YPG Attends WNBA Panel on Digital/Enhanced E-books


Costanzo launched the discussion by emphasizing that digital publishing is not the future; it’s the present. He urged publishers to put more time into the quality of their eBooks and to be selective about enhancements they add. He also suggested that “how-to” content may be the most practical for enriched products and advocated the creation of a sustainable digital publishing model, rather than prioritizing rapid development at the risk of putting inferior products into the marketplace.

Design and searchability made the top of Fleck-Nisbet’s priority list when creating digital products at Workman. The Digital Publishing Director took a strong stance on apps, saying they’re not quite the right space for books at this time and also explained that the lag time in nonfiction eBook production is due to increased difficulty of the conversion process as opposed to fictional content.

As the first panelist to speak from a non-publisher perspective, Ami Greko described the platforms that Kobo (a minimalistic electronic reading device) is creating to use the digital space as a tool to make reading more social. For example, “My Reading Life” merges aspects of several social media tools, like the badges of FourSquare and the sharing functionality of Facebook, to make eReaders a place for community and even playful competition. Greko touted “My Reading Life” as “an asynchronous way to connect with your friends and family.”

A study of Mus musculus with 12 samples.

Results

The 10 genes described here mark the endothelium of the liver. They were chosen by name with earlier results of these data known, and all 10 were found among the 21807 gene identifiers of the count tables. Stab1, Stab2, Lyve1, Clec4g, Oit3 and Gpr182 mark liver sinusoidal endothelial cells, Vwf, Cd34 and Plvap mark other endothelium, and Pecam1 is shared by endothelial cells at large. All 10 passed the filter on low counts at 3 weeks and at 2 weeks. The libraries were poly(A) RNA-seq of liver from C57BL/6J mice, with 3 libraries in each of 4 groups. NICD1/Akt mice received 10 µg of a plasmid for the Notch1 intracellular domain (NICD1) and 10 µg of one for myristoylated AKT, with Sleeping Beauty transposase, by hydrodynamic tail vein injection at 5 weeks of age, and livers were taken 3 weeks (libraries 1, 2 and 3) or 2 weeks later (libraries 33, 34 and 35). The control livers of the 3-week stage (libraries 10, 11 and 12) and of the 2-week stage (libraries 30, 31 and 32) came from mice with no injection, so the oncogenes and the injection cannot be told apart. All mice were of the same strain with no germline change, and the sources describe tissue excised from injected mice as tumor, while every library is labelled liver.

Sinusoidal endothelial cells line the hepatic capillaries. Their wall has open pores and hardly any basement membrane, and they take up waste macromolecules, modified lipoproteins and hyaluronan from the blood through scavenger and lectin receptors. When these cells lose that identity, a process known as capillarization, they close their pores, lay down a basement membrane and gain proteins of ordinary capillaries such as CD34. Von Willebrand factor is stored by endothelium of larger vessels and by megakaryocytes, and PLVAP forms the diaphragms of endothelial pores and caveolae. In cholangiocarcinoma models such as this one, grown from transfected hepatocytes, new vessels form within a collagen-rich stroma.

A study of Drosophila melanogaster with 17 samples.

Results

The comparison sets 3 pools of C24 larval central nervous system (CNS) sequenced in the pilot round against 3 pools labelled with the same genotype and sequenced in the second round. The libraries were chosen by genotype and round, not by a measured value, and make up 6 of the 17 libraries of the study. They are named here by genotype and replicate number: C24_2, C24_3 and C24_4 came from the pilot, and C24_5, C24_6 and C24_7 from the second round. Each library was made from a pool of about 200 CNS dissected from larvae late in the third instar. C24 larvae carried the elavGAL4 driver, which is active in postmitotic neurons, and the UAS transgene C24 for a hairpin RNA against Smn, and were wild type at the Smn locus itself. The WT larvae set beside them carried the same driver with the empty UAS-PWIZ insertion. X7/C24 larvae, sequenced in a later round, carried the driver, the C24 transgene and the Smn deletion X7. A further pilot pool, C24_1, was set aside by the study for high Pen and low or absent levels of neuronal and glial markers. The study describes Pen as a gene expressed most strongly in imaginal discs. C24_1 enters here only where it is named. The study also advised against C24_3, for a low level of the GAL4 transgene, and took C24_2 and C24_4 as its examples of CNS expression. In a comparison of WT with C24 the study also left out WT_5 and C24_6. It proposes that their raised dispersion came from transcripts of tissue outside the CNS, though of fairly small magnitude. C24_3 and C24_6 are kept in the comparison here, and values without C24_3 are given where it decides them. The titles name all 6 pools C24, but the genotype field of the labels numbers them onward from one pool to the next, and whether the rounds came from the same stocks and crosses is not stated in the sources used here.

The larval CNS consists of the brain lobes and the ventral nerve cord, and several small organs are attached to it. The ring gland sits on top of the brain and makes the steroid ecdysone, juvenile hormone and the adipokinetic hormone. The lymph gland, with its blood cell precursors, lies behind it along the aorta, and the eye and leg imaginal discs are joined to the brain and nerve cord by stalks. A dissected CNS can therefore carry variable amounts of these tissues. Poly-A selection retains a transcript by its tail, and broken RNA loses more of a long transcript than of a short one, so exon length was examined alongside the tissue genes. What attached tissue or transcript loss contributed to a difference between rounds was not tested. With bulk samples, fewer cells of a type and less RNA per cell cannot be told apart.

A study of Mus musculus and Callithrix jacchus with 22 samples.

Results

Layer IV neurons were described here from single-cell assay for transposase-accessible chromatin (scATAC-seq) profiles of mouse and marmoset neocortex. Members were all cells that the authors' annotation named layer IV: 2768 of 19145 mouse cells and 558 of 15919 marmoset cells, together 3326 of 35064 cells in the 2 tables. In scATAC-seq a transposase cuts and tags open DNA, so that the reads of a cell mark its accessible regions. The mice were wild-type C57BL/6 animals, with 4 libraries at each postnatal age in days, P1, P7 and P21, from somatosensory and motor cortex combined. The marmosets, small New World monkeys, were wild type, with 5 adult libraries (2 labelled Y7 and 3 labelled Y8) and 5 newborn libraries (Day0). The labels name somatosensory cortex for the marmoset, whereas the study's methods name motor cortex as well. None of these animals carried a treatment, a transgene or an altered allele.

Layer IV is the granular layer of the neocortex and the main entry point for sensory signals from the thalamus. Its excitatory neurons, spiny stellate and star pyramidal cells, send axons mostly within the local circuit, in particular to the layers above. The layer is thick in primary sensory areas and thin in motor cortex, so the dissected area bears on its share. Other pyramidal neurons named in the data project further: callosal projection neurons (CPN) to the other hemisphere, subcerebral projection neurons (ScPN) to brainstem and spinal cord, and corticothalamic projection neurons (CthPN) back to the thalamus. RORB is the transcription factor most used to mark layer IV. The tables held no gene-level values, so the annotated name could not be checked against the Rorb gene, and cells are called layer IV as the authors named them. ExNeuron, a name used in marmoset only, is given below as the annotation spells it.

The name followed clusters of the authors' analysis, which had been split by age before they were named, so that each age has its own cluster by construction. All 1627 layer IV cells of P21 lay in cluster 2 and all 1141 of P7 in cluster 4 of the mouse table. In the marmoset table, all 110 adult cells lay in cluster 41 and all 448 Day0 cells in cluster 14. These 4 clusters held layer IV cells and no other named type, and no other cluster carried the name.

Evan Ratliff, an editor at the digital publishing house, The Atavist, subscribes to the paper version of The New York Times. Why, then, does he work with digital-only content? “I think offering choice is the most important thing,” he explained. Hailing from a journalism background, Ratcliff said The Atavist creates a space for stories of varying lengths. His own 13,000-word story, “Lifted,” is published by the house and recently hit the top five nonfiction bestseller list on Amazon.

During the Q&A, all panelists made clear that while companies like Kobo have the provisions for digital publishing available, publishers are still in the conversion process and are also affected by format changes made by Apple or Amazon. Constanzo encouraged publishers to allocate the resources for these changes. The speakers then wrapped up the panel by sharing the names of their go-to blogs and websites for updated information on digital trends, including Tools of Change, Digital Book World, and The Shatzkin Files from Idea Logical.

Overall, the WNBA-hosted panel provided a concise and hopeful overview of the potential for expansion within the world of ebooks and apps, and YPG was pleased to be invited to participate in the discussion. If you missed it, click here to watch the event in its entirety.